U.S. Transportation Secretary Ray LaHood is in Olympia today, doing all he can to help the flailing Columbia River Crossing—but even one of the project's biggest supporters says it might not be enough.
"We are using everything in our bag of tricks
to bring everything to bear," says Washington State Rep. Jim Moeller
(D-Vancouver), who has been the project's champion in Olympia. "If we could get the president himself, I'd ask."
But Moeller is also reading the tea leaves: this $3.4 billion megaproject is probably going to die in the next few weeks
. It's the first sign that proponents are acknowledging that the political wrangling to push this project through may fail.
"I don’t mean to be a downer, but I’m also a realist that this may not happen,
" he tells WW
The CRC—which will replace Interstate 5's bridges, run light rail to Vancouver and pump up five miles of interchanges—needs $450 million from Oregon and Washington this year, project leaders say. If not, the project will lose its spot for federal funding.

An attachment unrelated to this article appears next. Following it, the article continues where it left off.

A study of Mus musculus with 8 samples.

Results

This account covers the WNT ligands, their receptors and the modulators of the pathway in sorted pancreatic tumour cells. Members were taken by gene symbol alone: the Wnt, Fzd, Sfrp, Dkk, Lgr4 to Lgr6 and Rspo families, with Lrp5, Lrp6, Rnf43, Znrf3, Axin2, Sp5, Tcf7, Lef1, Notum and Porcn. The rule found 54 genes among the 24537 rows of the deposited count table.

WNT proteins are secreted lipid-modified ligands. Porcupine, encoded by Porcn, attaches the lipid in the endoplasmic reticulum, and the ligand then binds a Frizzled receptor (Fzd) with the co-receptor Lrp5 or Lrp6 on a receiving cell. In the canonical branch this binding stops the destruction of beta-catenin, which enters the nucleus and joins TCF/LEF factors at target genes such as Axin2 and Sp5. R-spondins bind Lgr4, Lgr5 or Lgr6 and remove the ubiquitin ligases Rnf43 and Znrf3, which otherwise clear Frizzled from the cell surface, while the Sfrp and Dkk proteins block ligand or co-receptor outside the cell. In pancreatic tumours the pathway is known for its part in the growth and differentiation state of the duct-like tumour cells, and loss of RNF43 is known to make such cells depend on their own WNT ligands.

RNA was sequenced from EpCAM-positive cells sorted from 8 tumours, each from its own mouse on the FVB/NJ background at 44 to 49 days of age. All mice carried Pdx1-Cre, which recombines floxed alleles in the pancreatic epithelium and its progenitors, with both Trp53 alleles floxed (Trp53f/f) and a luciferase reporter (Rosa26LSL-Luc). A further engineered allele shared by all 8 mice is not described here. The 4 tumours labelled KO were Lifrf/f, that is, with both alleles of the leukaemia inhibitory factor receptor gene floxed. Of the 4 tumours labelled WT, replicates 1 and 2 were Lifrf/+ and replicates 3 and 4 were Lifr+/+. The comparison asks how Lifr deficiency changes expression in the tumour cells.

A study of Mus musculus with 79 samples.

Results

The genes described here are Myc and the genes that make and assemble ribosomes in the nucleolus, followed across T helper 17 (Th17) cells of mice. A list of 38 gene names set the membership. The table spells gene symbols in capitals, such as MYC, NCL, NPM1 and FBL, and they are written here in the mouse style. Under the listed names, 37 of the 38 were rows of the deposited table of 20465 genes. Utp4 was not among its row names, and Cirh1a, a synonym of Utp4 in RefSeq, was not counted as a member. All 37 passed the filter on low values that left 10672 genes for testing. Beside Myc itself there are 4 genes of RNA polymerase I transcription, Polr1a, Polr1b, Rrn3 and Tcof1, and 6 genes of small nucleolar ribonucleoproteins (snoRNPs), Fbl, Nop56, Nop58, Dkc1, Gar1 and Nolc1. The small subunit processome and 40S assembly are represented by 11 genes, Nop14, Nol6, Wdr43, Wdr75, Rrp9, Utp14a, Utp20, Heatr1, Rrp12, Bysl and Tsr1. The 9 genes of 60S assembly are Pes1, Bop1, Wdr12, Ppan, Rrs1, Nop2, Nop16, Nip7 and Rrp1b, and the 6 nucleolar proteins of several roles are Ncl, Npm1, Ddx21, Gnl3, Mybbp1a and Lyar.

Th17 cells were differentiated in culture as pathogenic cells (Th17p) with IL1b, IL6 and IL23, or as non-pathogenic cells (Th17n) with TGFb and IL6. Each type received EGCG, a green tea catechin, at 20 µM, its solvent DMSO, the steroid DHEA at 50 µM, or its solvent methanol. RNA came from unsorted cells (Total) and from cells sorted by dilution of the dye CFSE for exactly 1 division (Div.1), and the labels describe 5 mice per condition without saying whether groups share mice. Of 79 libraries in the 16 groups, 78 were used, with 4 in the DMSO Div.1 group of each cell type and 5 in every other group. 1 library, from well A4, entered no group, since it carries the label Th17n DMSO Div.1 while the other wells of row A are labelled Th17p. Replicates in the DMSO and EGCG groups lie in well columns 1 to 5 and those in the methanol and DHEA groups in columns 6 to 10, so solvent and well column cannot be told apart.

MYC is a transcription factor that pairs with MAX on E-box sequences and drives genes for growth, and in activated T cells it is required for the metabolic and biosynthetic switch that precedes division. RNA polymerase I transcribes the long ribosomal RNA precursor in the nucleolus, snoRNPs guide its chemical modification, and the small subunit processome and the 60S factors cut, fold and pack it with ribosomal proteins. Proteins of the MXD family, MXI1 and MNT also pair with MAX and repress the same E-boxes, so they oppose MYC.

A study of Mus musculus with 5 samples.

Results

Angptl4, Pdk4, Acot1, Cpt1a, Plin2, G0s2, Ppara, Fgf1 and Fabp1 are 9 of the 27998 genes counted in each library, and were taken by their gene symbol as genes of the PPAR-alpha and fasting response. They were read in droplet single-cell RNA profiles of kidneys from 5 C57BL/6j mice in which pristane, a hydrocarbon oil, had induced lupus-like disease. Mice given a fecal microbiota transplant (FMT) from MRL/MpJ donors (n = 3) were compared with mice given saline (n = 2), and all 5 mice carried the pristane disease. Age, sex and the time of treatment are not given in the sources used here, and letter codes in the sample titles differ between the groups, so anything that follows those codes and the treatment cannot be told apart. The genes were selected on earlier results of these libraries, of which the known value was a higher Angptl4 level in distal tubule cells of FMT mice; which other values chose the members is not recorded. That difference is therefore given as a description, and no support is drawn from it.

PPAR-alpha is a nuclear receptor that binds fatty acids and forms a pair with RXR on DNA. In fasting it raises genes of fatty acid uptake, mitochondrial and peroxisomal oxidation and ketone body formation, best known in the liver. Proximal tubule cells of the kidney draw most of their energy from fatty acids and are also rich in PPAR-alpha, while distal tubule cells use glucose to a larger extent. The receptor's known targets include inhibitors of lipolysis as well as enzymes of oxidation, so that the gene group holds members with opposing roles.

Thanks to the efforts of Gov. John Kitzhaber's
top adviser on the project, Patricia McCaig
(the subject of a WW cover story
who now faces
Oregon Government Ethics Commission complaints), the CRC sailed through the Oregon house and senate. But the Washington Senate, led by state Sen. Ann Rivers
(R-LaCenter) and the subject of a WW story
, is vowing to block it.
Despite the successes in Oregon, Moeller isn't expecting the same in Washington. He says the Republicans will be setting "us back a generation" by blocking the project's funding.
"It ain’t over yet, and it won’t be over for a couple weeks," Moeller says. "It just may not be over in my favor."